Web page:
While the flower or seed stalks should not be used, the leaf stalks are edible. However, the flower stalks should be promptly pulled and discarded. If allowed to develop, the flower stalks reduce plant vigor and next year's production. Dig and divide large, old rhubarb plants in early spring or late summer.
In respect to this, why do rhubarb go to seed?
For a rhubarb plant, that maturity comes a few years after it is planted. The older a rhubarb plant is, the more the rhubarb goes to seed. Heat – Rhubarb plants grow best in cooler temperatures. If you have an unusually warm spring, this can cause a rhubarb to start flowering.
Rhubarb: Sweet and Savory. Rhubarb, the naturally sour stalky vegetable, has a growing season that coincides fortuitously with that of the California strawberry season. That means that 9 times out of 10, you'll see rhubarb combined with strawberries and a heap of sugar, then made into dessert.
Rhubarb is a perennial plant that has stalks similar to celery. Rhubarb is a vegetable, but it is often prepared or combined with fruit for desserts. Rhubarb can be eaten raw, but because of its tart flavor, it is more often cooked and sweetened with sugar.
The year after planting, it's a good idea to fertilize your rhubarb plants in early spring, before the plant begins to sprout significantly. Use an all purpose fertilizer - a 10-10-10 formula works well. Compost or well rotted manure also works well as a fertilizer.
Allow rhubarb to establish for one year before taking your first harvest. Select three of the largest stalks, waiting for the leaves to fully open before pulling from May to August. Stalks are harvested by gently twisting the stems and pulling from the base of the plant.
Rhubarb tolerates very cold (-20 F) very well. Collect the last few stalks after the first hard frost and throw them on the compost pile. Then spread a layer (2-3") or compost (or leaves or hay) to prevent winter winds from drying out your roots. You don't need to do much.
To be honest, rhubarb is “ripe” all spring and summer. But for the health of the plant, there are certain times that you should make your rhubarb harvest. The best time when to harvest rhubarb is when the stalks of the leaves reach at least 10 inches long.
The part that we consume is the petiole or the leaf stalk. Rhubarb leaves should never be eaten since they contain a toxic substance called oxalic acid. All rhubarb leaf stalks/petioles that have been exposed to freezing temperatures should be removed and discarded. The re-growth is safe to eat.
Green rhubarb will always be green. The only sure way to get red stems on your rhubarb is by purchasing dormant crowns of a good quality, properly named, red stemmed variety. It's not that green stems aren't edible. Because crowns are produced by dividing rhubarb plants, they can be a bit hard to come by.
- Wash the stalks and cut off the ends at the base and near the leaves.
- Cut rhubarb stalks into small pieces.
- Place the rhubarb pieces and sugar into a heavy-based saucepan.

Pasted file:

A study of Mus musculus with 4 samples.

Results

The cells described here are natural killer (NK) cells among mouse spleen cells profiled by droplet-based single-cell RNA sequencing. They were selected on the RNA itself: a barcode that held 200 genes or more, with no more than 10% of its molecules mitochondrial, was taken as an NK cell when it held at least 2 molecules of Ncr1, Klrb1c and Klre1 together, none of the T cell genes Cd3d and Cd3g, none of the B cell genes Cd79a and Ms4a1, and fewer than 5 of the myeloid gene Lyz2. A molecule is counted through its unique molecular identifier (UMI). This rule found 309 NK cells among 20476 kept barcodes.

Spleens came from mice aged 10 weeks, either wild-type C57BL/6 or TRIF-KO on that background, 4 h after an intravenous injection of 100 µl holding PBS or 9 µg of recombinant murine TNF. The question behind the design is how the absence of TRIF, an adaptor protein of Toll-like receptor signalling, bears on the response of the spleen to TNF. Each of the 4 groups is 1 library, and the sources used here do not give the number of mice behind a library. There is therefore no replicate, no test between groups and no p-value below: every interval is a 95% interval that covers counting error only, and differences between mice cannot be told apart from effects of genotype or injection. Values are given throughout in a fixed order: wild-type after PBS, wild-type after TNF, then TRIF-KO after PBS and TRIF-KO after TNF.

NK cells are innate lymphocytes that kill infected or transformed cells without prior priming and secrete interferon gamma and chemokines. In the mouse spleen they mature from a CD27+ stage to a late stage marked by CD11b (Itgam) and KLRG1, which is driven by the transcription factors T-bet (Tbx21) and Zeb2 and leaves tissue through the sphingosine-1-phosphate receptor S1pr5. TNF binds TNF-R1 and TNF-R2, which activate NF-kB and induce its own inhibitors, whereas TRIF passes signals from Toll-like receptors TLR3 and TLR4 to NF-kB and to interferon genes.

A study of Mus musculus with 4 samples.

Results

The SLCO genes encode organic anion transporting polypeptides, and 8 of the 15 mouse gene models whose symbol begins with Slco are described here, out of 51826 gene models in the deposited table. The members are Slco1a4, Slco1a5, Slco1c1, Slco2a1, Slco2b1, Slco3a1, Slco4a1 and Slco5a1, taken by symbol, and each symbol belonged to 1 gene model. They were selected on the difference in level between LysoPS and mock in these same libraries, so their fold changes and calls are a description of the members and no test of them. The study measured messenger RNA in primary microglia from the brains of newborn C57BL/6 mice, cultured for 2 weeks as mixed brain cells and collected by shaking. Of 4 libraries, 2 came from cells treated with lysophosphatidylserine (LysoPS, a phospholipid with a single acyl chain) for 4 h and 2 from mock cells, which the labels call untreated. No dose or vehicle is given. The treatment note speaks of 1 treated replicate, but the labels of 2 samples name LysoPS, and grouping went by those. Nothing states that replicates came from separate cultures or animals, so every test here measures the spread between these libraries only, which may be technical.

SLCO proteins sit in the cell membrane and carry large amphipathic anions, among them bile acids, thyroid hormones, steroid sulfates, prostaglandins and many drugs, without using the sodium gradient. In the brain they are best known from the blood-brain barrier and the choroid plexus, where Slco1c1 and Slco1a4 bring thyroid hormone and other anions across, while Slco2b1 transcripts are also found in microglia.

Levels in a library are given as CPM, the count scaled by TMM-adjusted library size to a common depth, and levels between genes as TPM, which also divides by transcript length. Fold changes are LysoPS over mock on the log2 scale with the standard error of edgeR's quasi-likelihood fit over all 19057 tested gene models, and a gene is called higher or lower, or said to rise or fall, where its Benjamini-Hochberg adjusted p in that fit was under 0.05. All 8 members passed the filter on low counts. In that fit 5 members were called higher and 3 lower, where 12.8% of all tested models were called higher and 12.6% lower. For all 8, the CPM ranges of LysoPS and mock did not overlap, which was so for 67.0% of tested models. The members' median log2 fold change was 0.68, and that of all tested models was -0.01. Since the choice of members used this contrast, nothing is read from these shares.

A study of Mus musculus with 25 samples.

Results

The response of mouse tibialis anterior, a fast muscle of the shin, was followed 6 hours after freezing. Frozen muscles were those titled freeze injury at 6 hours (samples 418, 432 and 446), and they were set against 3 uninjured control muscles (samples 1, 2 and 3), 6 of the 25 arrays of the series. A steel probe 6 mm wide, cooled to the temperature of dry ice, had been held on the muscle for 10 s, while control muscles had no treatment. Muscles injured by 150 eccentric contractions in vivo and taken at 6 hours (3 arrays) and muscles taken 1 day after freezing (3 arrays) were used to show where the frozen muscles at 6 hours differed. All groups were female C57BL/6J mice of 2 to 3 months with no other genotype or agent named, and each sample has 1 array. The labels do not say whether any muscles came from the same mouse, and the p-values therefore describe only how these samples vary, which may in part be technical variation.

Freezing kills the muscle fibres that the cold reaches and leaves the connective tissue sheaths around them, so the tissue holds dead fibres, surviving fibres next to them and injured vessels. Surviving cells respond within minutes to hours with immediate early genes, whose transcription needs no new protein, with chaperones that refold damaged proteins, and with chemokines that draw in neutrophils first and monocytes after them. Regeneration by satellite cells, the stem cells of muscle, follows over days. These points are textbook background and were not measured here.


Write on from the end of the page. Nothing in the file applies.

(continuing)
- Cover the saucepan.
- Remove from the heat and allow to cool.
- Strain off excess liquid if using in a recipe.
Rhubarb can also be planted in the fall after dormancy has set in. Dig large bushel basket-size holes. Space rhubarb plants about 4 feet apart and plant the roots 1 to 2 inches below the surface of the soil. Be sure to mix compost, rotted manure, or anything high in organic matter in the soil.
So yes, green rhubarb is safe to eat, with the same caveats as apply to any rhubarb. Especially, don't eat the leaves. In On Food and Cooking (2004 edition), Harold McGee indicates that rhubarb tends to be about 1.5-2.0% acid by weight (mostly oxalic acid), which makes it quite tart.
Rhubarb leaves contain poisonous substances, including oxalic acid, which is a nephrotoxic and corrosive acid that is present in many plants. Humans have been poisoned after ingesting the leaves, a particular problem during World War I when the leaves were mistakenly recommended as a food source in Britain.
Since rhubarb is grown for the stems, most gardeners choose to remove the flowers as soon as they appear so the plant can focus its energy on leaf growth. Rhubarb flowers can simply be cut from the plant as soon as you see it appear. If your rhubarb produces a flower, this does not affect the stems and leaves.
The easiest way to store rhubarb so you can enjoy it when it's out of season is to freeze it: cut stalks into 1-inch pieces; lay them flat on a parchment-lined baking pan. Freeze until firm, a few hours. Use frozen rhubarb the same way as fresh—in sauces, pies, and crumbles.
Yes, composting rhubarb leaves is perfectly safe. Although the leaves contain significant oxalic acid, the acid is broken down and diluted fairly quickly during the decomposition process. So go ahead and add rhubarb leaves to the compost pile, just as you would any other yard debris.
Rhubarb prefers to grow in full sun but it will tolerate light shade. A growing rhubarb plant is fairly tolerant of acidic soil and it will grow in soils with a pH as low as 5.0, but it is happiest in soils with a pH between 6.0 and 6.8.